12 November 2013
There are claims going around that Typhoon Haiyan was a result of climate change, and this is nothing short of ridiculous. There is some evidence that climate change will change the numbers (and intensity) of tropical cyclones, and some that the storms that do form will be stronger and wetter. That said, there is still a lot of uncertainty in those predictions. An excellent paper on this subject is from Dr. Kerry Emanuel at MIT, and a later paper is IMHO the definitive best science on it.
There is an excellent graphic (below) that shows the correct way to think about how the weather will change as the climate warms and it’s worth looking at carefully.
While this graphic is for temperature, you can use it for extreme weather events of many types. Flood events are expected to increase, and years with unusually low Arctic Sea ice are another. The best way to think about it is this: as years go by (and the planet gets warmer), we will see more extreme heat waves and fewer extreme cold waves. Cold waves will still happen though, and you can see that claiming a big snowstorm disproves climate change is just as silly as claiming a super typhoon is the result of one.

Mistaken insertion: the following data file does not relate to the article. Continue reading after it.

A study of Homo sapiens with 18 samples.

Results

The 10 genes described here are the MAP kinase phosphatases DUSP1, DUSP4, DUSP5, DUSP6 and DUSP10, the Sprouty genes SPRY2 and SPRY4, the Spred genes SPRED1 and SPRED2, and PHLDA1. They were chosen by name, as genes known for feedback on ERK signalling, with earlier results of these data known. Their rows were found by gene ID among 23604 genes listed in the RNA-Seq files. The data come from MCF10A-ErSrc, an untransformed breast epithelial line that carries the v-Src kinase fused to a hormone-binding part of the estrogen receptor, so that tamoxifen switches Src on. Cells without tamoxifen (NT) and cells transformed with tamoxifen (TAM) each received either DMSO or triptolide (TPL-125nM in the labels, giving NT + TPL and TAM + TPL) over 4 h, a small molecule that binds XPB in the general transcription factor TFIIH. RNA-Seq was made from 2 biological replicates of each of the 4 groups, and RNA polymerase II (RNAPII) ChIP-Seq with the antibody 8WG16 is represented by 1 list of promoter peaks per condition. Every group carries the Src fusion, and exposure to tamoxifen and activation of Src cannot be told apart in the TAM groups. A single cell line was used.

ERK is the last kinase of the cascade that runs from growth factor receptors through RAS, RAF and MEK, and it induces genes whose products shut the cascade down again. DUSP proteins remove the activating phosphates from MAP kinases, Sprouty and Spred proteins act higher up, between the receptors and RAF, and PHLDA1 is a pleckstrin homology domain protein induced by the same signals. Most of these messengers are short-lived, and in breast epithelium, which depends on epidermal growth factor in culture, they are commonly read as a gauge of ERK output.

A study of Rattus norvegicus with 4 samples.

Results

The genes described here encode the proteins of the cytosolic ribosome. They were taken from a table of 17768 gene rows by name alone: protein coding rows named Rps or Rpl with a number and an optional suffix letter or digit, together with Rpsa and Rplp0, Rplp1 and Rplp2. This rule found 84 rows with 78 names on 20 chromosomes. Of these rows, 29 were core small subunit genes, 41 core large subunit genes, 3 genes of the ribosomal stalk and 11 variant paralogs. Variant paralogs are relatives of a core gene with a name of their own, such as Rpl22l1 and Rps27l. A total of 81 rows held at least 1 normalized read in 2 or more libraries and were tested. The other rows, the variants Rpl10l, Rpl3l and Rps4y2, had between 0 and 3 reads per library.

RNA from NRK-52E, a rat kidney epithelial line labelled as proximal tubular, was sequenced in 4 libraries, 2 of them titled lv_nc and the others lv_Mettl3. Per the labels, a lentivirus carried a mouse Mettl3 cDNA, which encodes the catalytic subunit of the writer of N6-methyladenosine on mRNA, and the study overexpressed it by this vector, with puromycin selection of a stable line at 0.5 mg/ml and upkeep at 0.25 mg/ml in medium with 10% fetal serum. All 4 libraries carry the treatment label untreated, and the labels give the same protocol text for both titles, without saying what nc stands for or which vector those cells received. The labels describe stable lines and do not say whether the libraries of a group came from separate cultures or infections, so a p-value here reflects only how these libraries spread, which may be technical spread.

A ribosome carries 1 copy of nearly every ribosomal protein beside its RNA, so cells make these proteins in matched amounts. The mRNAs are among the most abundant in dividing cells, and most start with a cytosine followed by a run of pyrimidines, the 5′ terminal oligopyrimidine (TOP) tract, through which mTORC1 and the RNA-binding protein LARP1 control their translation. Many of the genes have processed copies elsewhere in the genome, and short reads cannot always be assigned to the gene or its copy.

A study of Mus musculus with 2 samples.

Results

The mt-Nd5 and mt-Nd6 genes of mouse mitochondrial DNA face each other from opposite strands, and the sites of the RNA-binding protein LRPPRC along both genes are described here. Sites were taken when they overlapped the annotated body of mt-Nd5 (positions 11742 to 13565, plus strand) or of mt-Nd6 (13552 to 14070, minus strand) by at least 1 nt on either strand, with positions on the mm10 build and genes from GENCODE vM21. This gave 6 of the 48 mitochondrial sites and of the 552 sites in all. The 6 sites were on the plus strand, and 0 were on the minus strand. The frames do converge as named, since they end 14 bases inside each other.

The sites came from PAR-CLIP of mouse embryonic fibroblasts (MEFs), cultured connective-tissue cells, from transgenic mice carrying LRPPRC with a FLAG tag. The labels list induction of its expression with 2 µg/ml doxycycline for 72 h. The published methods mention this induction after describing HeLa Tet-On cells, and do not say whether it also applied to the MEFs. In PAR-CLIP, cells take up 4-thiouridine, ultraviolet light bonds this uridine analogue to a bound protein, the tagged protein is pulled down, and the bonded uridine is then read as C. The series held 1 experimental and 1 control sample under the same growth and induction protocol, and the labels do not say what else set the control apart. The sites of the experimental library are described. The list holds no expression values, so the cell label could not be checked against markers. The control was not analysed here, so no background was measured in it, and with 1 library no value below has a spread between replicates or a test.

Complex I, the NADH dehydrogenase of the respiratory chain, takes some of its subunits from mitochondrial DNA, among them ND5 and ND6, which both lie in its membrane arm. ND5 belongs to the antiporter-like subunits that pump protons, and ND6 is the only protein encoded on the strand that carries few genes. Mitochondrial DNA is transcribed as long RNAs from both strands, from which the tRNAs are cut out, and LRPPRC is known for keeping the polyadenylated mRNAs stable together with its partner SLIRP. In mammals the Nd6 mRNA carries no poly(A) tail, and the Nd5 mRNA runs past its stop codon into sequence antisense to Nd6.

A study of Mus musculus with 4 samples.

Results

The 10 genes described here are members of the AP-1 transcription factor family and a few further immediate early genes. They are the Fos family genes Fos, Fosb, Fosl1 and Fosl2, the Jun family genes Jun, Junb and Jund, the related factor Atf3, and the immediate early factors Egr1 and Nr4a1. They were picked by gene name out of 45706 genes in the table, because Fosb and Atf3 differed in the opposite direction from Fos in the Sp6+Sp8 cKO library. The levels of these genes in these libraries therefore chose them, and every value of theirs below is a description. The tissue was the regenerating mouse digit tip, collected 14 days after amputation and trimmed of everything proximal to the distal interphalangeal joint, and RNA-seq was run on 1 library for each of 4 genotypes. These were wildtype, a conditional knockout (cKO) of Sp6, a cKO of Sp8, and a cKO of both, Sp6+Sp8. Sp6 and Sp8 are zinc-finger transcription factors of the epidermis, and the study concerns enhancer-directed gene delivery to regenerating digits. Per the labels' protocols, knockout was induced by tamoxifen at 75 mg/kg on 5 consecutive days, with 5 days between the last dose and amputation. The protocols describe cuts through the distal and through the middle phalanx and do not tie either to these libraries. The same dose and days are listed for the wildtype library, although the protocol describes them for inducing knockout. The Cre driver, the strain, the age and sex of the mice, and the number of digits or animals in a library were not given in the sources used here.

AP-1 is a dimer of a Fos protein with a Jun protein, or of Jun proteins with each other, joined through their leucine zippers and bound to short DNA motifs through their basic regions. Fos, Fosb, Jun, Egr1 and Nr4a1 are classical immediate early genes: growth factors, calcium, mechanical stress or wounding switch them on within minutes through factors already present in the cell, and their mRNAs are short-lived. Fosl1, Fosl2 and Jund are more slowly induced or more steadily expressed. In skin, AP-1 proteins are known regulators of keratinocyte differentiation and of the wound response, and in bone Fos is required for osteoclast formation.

Look at that graph, and you will see that ALL weather events are being affected by climate change, but not any one event. If we see an increase in the most extreme type of tropical cyclones over the next 30-50 years, then perhaps you can say climate change is causing more of them.
We are already seeing this with temperatures by the way. The number of record highs is outpacing the number of record lows, just like the bell curve indicates. As the planet gets warmer, the increase in extremes on the right will become ever more pronounced (compared to the extremes on the left).
In some ways this is a better indication the planet is warming than trying to take the global temperature!